Interview with Amanda Fioritto

By Kerry Belodoff, Staff Writer, Brief Policy Perspectives

Amanda Fioritto earned her MPP from Trachtenberg last spring and is now a data and evaluation specialist with the Urban Alliance (UA), a non-profit headquartered in DC. UA provides paid internships, formal training, mentorship, and post-high school planning to under-resourced high school seniors in DC and several other cities. Amanda’s cost-benefit analysis of the UA program will appear in Volume 23 of Policy Perspectives. I sat down with Amanda on February 9th to learn more about her work with UA and her article.

Brief Policy Perspectives: What is your article about?

Amanda Fioritto: The article is a cost-benefit analysis of the UA high school internship program, which is UA’s traditional 10-month internship model offered to students in the Washington, DC area. I look at the 2013-14 cohort and what costs are incurred by participating students, job and community partners, and UA, and then I look at at how it benefits students to be in the program relative to students not in the program. I look at the outcomes for UA participants in comparison to other DC public and public charter school students to assess benefits to the students, community, and taxpayers.

BPP: How did you get interested in the UA program?

AF: I got interested in UA specifically because I was working there part-time during school, but youth development policy and education has always been of interest to me. I was very fortunate when I was younger to participate in a lot of extracurricular activities, but I later realized that these opportunities are limited. Access to meaningful extracurricular activities and social/professional networks is unequally distributed. It was important for me to expand those opportunities for other youth.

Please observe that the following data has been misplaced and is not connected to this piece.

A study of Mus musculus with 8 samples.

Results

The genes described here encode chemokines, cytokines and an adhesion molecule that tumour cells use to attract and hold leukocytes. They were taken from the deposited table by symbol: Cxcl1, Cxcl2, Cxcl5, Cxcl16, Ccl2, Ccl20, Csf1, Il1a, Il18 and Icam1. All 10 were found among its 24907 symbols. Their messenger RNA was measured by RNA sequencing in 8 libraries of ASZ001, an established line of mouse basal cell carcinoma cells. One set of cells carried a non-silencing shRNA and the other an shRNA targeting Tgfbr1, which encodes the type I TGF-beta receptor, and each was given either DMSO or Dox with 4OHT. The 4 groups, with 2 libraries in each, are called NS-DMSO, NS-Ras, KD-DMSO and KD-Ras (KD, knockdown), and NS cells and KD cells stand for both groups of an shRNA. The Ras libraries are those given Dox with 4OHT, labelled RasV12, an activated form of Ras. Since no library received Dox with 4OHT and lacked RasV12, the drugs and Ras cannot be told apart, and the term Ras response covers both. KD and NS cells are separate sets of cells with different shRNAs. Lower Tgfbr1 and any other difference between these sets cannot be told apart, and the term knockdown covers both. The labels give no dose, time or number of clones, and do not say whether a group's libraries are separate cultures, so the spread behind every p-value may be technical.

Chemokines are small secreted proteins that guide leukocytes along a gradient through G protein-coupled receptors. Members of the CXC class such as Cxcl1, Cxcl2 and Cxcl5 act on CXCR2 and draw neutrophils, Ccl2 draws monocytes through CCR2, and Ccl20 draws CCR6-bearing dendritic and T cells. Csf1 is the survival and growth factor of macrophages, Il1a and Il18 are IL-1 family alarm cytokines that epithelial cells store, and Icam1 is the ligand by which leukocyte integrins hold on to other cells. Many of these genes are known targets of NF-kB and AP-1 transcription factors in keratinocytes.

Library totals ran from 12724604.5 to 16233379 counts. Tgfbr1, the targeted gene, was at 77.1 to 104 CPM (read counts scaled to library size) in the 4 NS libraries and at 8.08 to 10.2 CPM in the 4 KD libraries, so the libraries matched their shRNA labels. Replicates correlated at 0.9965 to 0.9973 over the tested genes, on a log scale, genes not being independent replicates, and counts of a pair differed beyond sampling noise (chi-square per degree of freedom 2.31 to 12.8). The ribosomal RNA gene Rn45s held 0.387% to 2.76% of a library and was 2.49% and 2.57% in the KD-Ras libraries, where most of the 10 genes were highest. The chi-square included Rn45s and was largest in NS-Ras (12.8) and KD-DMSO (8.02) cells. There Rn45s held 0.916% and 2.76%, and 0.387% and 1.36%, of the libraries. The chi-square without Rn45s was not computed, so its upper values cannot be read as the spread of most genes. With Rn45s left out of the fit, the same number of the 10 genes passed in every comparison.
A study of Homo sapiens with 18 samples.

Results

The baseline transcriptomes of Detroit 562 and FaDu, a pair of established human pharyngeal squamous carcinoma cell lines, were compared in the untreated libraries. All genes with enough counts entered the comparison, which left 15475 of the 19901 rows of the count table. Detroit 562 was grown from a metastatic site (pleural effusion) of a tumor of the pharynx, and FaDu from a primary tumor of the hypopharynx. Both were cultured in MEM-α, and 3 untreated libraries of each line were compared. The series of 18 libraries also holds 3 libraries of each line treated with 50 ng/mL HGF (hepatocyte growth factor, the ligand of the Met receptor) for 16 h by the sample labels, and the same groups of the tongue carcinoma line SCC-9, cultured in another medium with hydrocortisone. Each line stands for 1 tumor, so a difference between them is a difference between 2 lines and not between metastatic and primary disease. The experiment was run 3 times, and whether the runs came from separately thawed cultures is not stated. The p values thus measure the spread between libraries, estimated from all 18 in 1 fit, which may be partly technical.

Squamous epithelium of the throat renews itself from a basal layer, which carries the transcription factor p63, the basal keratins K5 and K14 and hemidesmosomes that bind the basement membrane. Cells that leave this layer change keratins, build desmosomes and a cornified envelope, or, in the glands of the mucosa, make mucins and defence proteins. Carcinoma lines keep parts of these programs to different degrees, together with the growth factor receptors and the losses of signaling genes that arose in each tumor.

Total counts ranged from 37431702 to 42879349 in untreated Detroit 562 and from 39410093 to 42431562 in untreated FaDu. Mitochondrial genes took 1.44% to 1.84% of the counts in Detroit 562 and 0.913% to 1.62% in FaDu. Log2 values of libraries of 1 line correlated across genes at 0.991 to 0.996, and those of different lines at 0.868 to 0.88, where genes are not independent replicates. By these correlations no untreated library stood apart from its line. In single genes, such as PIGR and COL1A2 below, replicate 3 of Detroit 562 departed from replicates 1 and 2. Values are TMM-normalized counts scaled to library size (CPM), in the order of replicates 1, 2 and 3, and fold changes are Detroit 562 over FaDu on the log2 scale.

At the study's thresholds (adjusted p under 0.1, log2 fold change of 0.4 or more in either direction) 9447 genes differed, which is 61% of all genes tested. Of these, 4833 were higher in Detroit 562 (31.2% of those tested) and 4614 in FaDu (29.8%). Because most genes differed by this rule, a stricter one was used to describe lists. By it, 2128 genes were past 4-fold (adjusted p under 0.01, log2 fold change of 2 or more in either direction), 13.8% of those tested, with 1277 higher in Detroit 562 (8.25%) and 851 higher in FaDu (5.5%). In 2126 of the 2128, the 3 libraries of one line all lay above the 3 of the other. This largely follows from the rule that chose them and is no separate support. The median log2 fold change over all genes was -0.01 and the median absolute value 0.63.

BPP: Did you have any surprising findings?

AF: There haven’t been cost-benefits analyses of programs like UA, but there have been some on youth disconnection at large. Disconnected youth, or opportunity youth, are anyone age 16-24 who lacks the skills, education, or experience necessary to succeed in higher education or in full-time, stable employment. The goal of UA is to target students before they get disconnected. Each disconnected youth through the course of his or her lifetime costs taxpayers about $700,000.

BPP: What do you hope your readers take away from your article?

AF: I found that based on my calculations there is a pretty large positive benefit of participation in the UA program. I was really glad to see that my results indicate Urban Alliance’s program operates efficiently and, as such, should continue to provide youth internships, mentoring, and post-high school planning. It’s possible, based on my results, that this experience results in benefits for the larger community and society, as well as for participating youth.

I hope that people who read the article will find an interest in youth development policy in general, and in workforce development programs in general. I think a lot of youth development work is focused on kids who are at the ends of the spectrum: they are either in great need of graduating high school or they are in advanced or gifted programs. There’s a huge benefit to providing all youth with work experience while in high school and helping them grow a professional network. Until recently there was more focus on academics and not the extracurricular or professional piece of student development and I hope the interest continues to grow.

BPP: Where can your readers go for more information about your topic?
AF: The Urban Alliance website and social media accounts have great news and resources on youth development, including infographics. The Urban Institute is conducting a randomized control trial (RCT) on the program and the interim findings report should be released soon. The baseline report is available on [UA’s] website. Opportunity Nation is also a great resource on general youth policy. They do an opportunity index and they have an interactive graph that you can use to see what youth disconnection is like in your state.

You can read Amanda’s article,  “Connecting Under-Resourced Youth to Opportunity: A CBA of Youth Employment in Washington, DC” in Volume 23 of Policy Perspectives.  The article appears online here.